Democrats are scrambling to finalize a framework agreement for a roughly $2 trillion economic plan, still hoping to get it done by the end of the week. While a number of Democrats say a deal is in sight, there may still be some obstacles ahead given that members of the party remain split over key elements of the bill — and how to pay for it all.
“We've rounded the turn, and we're almost to the stretch,” House Speaker Nancy Pelosi (D-CA) told reporters Thursday. “And we're making great progress to our goal of securing a framework agreement for Build Back Better in a timely fashion.”
Pelosi added that Democrats were still in the process of narrowing their spending programs and the options for paying for them, but she insisted that the package will be fully paid for.
Other key players sounded far less optimistic about the chances of securing a deal by week’s end. “This is not going to happen anytime soon,” Sen. Joe Manchin (D-WV) said Thursday. “Until you see the text and the fine print, it’s pretty hard to make final decisions.”
On the spending side, Democrats have yet to settle some of their thorniest disagreements. “Some of the largest remaining obstacles,” Politico reports, “include paid leave, Medicare expansion, prescription drug pricing and climate, according to Democrats familiar with the discussions — all issues that risk alienating key factions of the party.”
Among the big issues:
A one-year extension of the expanded child tax credit. Some Democrats have pushed back on the proposal reportedly made by President Biden to shorten then extension of the tax credit to one year, preferring the original plan to keep the credit in place through 2025. Pelosi told reporters that she wants the credit made permanent but would go along with Biden. “This is the president's big issue,” she said. “If it's acceptable to him, in light of the bill, it's acceptable to me.”
Allowing Medicare to negotiate drug prices. Some key Democrats have objected to a proposal included in the House version of the legislation to allow Medicare to negotiate prices for prescription drugs, an idea that the pharmaceutical industry has long opposed.
Senate Finance Committee Chair Ron Wyden (D-OR) and Budget Committee Chair Bernie Sanders (I-VT) both reportedly insist that final legislation will include drug-price negotiation. “We’re going to go to the mat on it,” Wyden said Thursday. “We understand that the American people expect that Congress and Democrats specifically will deliver.”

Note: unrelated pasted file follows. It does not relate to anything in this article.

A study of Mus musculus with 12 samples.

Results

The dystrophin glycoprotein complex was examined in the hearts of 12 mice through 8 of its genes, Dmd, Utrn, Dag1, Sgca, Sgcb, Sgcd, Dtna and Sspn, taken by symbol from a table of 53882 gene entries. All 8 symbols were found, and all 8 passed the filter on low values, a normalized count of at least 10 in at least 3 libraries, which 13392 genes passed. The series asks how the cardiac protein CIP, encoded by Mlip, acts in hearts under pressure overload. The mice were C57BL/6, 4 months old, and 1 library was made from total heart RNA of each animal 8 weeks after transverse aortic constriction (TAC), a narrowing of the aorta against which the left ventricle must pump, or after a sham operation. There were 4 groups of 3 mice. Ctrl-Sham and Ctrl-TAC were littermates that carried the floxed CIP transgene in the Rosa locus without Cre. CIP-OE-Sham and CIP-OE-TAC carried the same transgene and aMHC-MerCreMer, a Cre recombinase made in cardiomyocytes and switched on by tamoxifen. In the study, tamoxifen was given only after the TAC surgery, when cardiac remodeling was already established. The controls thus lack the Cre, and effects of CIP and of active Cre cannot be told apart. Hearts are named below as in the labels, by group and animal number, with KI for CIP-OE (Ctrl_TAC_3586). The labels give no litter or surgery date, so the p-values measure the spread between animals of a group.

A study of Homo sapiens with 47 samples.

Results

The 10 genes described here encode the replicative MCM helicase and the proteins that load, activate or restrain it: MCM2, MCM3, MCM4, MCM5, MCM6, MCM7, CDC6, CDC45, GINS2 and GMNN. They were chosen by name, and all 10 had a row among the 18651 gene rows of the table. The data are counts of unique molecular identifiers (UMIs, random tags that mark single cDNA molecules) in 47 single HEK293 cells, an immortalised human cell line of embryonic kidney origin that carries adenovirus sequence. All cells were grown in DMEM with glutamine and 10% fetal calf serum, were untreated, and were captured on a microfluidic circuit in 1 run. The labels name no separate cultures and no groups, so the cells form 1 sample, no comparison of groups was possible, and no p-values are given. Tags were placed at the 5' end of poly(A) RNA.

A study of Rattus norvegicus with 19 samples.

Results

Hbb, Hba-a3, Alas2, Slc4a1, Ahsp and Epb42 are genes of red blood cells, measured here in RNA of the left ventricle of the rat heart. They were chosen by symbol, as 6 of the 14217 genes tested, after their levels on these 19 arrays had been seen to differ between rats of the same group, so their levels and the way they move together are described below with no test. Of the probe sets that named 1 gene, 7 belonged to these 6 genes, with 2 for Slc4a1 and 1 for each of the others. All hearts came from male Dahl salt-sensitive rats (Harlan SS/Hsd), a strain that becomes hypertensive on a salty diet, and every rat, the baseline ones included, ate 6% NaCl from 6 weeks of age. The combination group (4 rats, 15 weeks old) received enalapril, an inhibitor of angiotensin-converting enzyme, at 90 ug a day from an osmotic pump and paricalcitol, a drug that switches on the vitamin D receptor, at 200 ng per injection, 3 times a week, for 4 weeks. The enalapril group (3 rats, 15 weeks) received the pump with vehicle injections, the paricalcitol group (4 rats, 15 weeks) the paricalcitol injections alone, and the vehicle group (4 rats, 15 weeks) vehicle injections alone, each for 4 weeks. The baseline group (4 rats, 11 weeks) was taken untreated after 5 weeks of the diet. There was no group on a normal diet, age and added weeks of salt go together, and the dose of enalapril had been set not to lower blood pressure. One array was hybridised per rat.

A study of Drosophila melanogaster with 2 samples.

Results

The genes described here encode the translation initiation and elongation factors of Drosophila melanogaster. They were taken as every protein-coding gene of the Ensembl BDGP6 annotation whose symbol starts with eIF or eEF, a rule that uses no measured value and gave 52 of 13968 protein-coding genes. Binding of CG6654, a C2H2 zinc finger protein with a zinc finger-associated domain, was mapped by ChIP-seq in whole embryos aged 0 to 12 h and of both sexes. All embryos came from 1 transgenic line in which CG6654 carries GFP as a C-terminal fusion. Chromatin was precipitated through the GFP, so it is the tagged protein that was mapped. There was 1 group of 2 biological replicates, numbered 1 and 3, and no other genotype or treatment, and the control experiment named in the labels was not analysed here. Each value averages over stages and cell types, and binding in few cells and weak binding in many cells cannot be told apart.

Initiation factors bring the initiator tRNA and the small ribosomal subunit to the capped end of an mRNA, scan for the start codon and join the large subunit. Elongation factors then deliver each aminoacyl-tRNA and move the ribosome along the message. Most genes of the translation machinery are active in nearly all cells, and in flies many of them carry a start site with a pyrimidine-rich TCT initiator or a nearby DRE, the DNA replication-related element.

The version of the provision included in the House bill could reportedly still be changed, with some elements of the plan phased in to ease concerns that the measure could impede the development of new medications. “But with at least three House Democrats opposing the toughest version of the measure, and at least one Senate Democrat, Kyrsten Sinema of Arizona, against it, government negotiating power appears almost certain to be curtailed, if not jettisoned,” The New York Times reports.
Climate provisions: Manchin’s opposition to a key clean energy program has left Democrats scrambling for other ways to meet Biden’s emission-reduction goals. The White House said Thursday that Biden and the administration could take action on their own. “We can do it without Congress,” said White House spokesperson Karine Jean-Pierre said.
The bottom line: Democratic leaders have set an October 31 deadline for their two major pieces of legislation, a bipartisan infrastructure bill and the Build Back Better social spending plan. But they reportedly have also begun to discuss an option to buy some more time by providing another temporary extension of surface transportation funding, this time through December 3.
“We expect negotiations to remain very hectic over the next 10 days,” Evercore ISI analysts Tobin Marcus and Peter Williams wrote in a note to clients Thursday, according to Bloomberg News. “We see a 50-50 chance that Democrats can reach a high-level deal on a reconciliation bill in the $1.8 – $1.9 trillion range by the end of next week.”